Though most of those villages were already depopulated, thousands of civilians in the area have fled the fighting, and analysts have called it one of the most dangerous moments for Ukraine since Russia launched its full-scale invasion in February 2022.

President Volodymyr Zelenskyy renewed his longstanding, but possibly more urgent request for more air defense systems to protect civilians under Russian fire in the northeast as he met Blinken on Tuesday.

U.S. Secretary of State Blinken visits Kyiv
U.S. Secretary of State Antony Blinken stands in Independence Square, amid Russia’s attack on Ukraine, during an unannounced visit, in Kyiv, Ukraine, May 14, 2024.

Alina Smutko/REUTERS


“We know this is a challenging time,” Blinken said in the Ukrainian capital, where he met with Zelenskyy. But he added that American military aid is “going to make a real difference against the ongoing Russian aggression on the battlefield.”

The visit comes less than a month after Congress approved a long-delayed foreign assistance package that sets aside $60 billion in aid for Ukraine, much of which will go toward replenishing badly depleted artillery and air defense systems.

Some of that “is now on the way,” Blinken said, and some has already arrived in Ukraine.

Moscow’s renewed offensive in the northeast region of Kharkiv is the most significant border incursion since the early days of the war — and comes after months when the roughly 600-mile front line barely budged. It was not, however, unexpected.

Zelenskyy told CBS News’ Charlie D’Agata at the end of March, as his country waited for U.S. politicians to clear the aid package, that while his troops had managed to keep the Russians largely at bay up to that point, they were not prepared to defend against another major Russian offensive, which he said was expected in the coming months.



More than 7,500 civilians have been evacuated from the area, according to authorities. The Kremlin’s forces are also expanding their push to the northern border regions of Sumy and Chernihiv, Ukrainian officials say, and Kyiv’s outgunned and outnumbered soldiers are struggling to hold them back.

Troops fought street to street on the outskirts of Vovchansk, which is among the largest towns in the Kharkiv area, regional Gov. Oleh Syniehubov said on national television. Two civilians were killed in Russian shelling Tuesday, he said.

The U.N. human rights office said the battles are taking a heavy toll.

“We are deeply concerned at the plight of civilians in Ukraine,” Liz Throssell, spokeswoman for the office of the U.N. High Commissioner for Human Rights, said in Geneva. “In the Kharkiv region, the situation is dire.”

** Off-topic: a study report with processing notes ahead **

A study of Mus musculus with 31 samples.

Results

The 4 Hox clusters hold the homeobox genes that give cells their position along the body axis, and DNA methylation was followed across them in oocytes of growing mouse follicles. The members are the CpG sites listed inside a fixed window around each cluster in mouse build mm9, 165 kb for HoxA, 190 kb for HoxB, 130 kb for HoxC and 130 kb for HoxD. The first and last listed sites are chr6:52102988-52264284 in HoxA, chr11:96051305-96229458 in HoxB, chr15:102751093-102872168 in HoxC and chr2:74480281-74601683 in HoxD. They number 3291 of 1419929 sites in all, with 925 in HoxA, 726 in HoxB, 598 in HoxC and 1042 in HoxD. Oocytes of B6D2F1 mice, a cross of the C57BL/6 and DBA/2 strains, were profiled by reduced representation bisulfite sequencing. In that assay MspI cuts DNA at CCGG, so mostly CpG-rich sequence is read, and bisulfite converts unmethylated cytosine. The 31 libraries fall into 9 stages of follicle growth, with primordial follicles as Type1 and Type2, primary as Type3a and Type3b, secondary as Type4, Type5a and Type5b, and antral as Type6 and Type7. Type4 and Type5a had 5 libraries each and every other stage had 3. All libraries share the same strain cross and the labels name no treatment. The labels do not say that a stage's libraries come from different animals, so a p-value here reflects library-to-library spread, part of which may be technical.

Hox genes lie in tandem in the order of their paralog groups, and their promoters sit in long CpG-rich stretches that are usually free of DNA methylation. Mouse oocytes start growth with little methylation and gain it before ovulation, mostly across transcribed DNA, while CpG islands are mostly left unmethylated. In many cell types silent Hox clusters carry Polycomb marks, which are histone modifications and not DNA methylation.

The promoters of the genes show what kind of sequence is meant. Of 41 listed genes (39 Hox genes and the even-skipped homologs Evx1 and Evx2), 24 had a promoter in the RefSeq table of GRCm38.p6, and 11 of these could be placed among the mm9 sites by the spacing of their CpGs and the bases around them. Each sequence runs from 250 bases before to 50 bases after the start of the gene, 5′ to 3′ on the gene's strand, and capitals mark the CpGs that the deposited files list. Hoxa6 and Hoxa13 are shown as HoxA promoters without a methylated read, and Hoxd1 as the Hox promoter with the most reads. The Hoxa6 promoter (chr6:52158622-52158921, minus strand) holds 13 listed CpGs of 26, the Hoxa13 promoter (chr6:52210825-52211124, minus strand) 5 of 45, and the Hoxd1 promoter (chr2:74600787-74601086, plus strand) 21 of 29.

Volunteer assists an elderly couple from Vovchansk during their evacuation to Kharkiv due to Russian shelling near a border in Kharkiv region
A volunteer assists an elderly couple from Vovchansk during their evacuation to Kharkiv due to Russian military strikes, near the front-line town of Vovchansk, in Ukraine’s northeast Kharkiv region, May 14, 2024.

Valentyn Ogirenko/REUTERS


Zelenskyy thanked Blinken for the U.S. aid — but added that more is necessary, including two Patriot air defense systems that are urgently needed to protect Kharkiv.

“The people are under attack: civilians, warriors, everybody. They’re under Russian missiles,” he said.

Artillery, air defense interceptors and long-range ballistic missiles have already been delivered, some of them already to the front lines, said a senior U.S. official traveling with the secretary on an overnight train from Poland who spoke to reporters on condition of anonymity ahead of Blinken’s meetings.

Ahead of the trip, U.S. officials noted that since President Biden signed the aid package late last month, the administration has already announced $1.4 billion in short-term military assistance and $6 billion in longer-term support.

The administration is “trying to really accelerate the tempo” of U.S. weapon shipments, said national security adviser Jake Sullivan.

But delays in U.S. assistance, particularly since the Israel-Hamas war began and has preoccupied top administration officials, have triggered deep concern in Kyiv and Europe. Blinken, for example, has visited the Middle East seven times since the Gaza conflict began in October. His last trip to Kyiv was in September.

On his fourth trip to Kyiv since Russian troops rolled over the border, Blinken emphasized the United States’ support for Ukraine’s independence and eventual recovery, according to spokesperson Matthew Miller. The U.S. diplomat and the Ukrainian president also discussed long-term security arrangements and Ukraine’s economic welfare.

Blinken was due to give a speech later Tuesday extolling Ukraine’s “strategic successes” in the war. It is intended to complement a Blinken address last year in Helsinki, Finland, deriding Putin for Moscow’s strategic failures in launching the war.



Meanwhile, Russian President Vladimir Putin plans to make a two-day state visit to China this week, the Chinese Foreign Ministry said. Beijing has backed Moscow politically in the war and has sent machine tools, electronics and other items seen as contributing to the Russian war effort, without actually exporting weaponry.

“A strong, successful, thriving, free Ukraine is the best possible rebuke to Putin and the best possible guarantor for your future,” Blinken told Zelenskyy in Kyiv.

The senior U.S. official said despite some recent setbacks, Ukraine could still claim significant victories. Those include reclaiming some 50% of the territory Russian forces took in the early months of the war, boosting its economic standing and improving transportation and trade links, not least through military successes in the Black Sea.

The official acknowledged that Ukraine faces “a tough fight” and is “under tremendous pressure” but argued that Ukrainians “will become increasingly more confident” as the new U.S. and other Western assistance begins to arrive.